Venezuela suffers economic crisis


Citizens march for change. Graphic Courtesy of Geopolitics Made Super.

Venezuela is currently suffering the worst economic crisis in its history. Despite its richness of profitable oil, hunger is widespread and basic necessities have become rationed. With an inflation rate of 482%–the highest the country has ever seen–and an unemployment rate expected to climb 13% in the next few years, Venezuela has declared a state of emergency. How has a country so rich with oil fallen so far?

It all began in early June 2010, when the dying politician Hugo Chávez declared an “economic war” due to a decrease in natural resources. This crisis has driven hundreds of thousands of destitute men, women, and children to seek refuge elsewhere. These refugees cross the borders into places like Brazil, seeking medical attention, food, and housing. Brazil, already dealing with its own poverty issues, abruptly shut its borders off to Venezuelan refugees as their local economies have been suffering from the economic strain of providing for so many people.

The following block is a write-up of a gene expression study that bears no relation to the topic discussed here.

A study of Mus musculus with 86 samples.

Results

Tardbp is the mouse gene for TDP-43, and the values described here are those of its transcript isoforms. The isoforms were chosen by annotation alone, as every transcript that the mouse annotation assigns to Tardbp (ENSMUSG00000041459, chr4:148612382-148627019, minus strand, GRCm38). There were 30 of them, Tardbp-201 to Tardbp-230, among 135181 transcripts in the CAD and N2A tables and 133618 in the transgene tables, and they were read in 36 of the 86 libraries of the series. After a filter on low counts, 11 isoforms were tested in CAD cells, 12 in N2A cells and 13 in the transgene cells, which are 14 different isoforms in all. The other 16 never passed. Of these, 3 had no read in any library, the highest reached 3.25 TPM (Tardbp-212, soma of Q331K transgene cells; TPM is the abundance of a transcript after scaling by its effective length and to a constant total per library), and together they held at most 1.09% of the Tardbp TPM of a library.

Many citizens blame the current President Nicolás Maduro, a target for many anti-government protests, for human rights violations and mismanagement of one of the world’s largest oil reserves. Because of these accusations, the U.S. has now placed sanctions on Venezuela as it falls from a democratic government to authoritarian rule.

The world is watching as other countries, the UN and World Courts become involved. President Donald Trump has already mentioned the possibility of military intervention in Venezuela if democracy continues to deteriorate. This crisis raises the question of how international involvement becomes necessary when nations with oppressive leaders cage their citizens and strip them of basic human freedoms.